SAN FRANCISCO – After strong starting pitching carried the Cubs to a season-high winning streak, poor defense ended it at six games.
The Cubs fell to the Giants 4-2 Thursday at Oracle Park to open a four-game series.
“That’s just baseball, it’s part of the game,” Cubs starter Justin Steele said of the mistakes behind him. “There’s going to be days like that.”
The trouble started in the third inning when third baseman Patrick Wisdom missed a popup, awkwardly diving after the ball as it landed behind him. Next, Giants leadoff hitter Austin Slater hit a dribbler up the third baseline. Steele tried to cut it off, while Wisdom retreated to the base, but it rolled out of Steele’s reach.
The Giants’ next two hits also simply found holes. Yermín Mercedes poked a fly ball into shallow center field. Thairo Estrada hit a grounder deep into the five-hole, and Cubs shortstop Nico Hoerner gloved it. But he didn’t have enough time to get off a throw. By the end of the inning, the Cubs trailed 3-0.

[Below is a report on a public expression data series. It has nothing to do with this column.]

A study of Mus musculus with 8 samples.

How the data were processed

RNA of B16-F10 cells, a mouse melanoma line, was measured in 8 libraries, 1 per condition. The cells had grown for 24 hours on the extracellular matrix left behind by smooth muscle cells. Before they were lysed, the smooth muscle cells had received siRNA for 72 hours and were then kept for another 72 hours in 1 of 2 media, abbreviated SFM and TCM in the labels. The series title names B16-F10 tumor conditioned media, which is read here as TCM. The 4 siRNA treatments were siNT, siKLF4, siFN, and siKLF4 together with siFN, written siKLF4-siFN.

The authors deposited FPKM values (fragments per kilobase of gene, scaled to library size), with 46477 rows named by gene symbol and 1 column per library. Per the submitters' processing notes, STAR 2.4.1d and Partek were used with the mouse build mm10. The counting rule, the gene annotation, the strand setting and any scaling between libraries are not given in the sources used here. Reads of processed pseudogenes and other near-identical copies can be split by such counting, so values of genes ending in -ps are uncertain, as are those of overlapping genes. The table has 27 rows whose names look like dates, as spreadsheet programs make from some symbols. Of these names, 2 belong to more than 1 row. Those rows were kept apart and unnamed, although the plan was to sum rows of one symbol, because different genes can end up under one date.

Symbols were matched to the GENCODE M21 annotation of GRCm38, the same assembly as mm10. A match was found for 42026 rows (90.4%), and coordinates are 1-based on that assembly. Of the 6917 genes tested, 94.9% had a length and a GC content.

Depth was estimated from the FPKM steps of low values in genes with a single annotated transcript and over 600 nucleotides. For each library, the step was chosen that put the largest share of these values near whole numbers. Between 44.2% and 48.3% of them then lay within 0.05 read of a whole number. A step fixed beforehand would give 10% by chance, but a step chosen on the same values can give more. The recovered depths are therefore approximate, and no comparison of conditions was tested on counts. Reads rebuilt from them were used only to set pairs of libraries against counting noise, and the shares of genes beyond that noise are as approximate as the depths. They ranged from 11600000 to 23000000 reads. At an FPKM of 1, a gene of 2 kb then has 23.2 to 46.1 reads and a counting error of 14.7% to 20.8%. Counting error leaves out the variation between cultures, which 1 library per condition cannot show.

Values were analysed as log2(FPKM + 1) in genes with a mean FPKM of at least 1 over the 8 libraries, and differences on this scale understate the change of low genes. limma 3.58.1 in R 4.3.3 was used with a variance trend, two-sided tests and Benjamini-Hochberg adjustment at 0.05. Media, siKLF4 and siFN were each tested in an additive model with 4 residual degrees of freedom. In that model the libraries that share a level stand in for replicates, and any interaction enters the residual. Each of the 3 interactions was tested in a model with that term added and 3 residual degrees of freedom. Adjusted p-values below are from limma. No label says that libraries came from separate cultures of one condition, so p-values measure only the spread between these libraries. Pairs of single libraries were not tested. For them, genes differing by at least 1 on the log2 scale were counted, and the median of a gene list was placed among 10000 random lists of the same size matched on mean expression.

The theme of sloppy defense behind Steele carried into the next frame. Hoerner sailed a throw to first base to put David Villar on base. Then, with two outs, Steele gave up an RBI double.
His pitch count had climbed to 84 through 3 ⅔ innings, and manager David Ross pulled him from the game.
“It was still one of those outings were he had to work kind of hard in some moments,” Ross said. “But yeah, we didn’t play well behind him. ... When you play good defense, get out of things, you never know what kind of outing a starter can have, and we had to cut it short a little bit.”
It was Steele’s first start of less than five innings since May 26 at Cincinnati. All four of the runs he allowed Thursday were unearned.
“As far as executing pitches, I feel like I could have done a better job locating my fastball,” Steele said. “I was throwing strikes with it but I wasn’t putting it exactly where I wanted to. So, going forward, I want to be able to command my fastball rather than just control it.”
Giants starter Alex Wood kept the Cubs offense quiet until the seventh inning, when Ian Happ broke up the no-hitter with a ground ball single into center field to lead off the frame. Wisdom brought him home with a two-run homer that bounced off the top of the left-field wall. It was Wisdom’s 50th career home run.
“He’s really deceptive, mixed his pitches really well” Ross said of Wood. “we chased a little bit out of the zone in some hitters counts at times. But he’s a really tough pitcher, got a lot coming at you, a guy we don’t face a whole lot. He’s tough to size up.”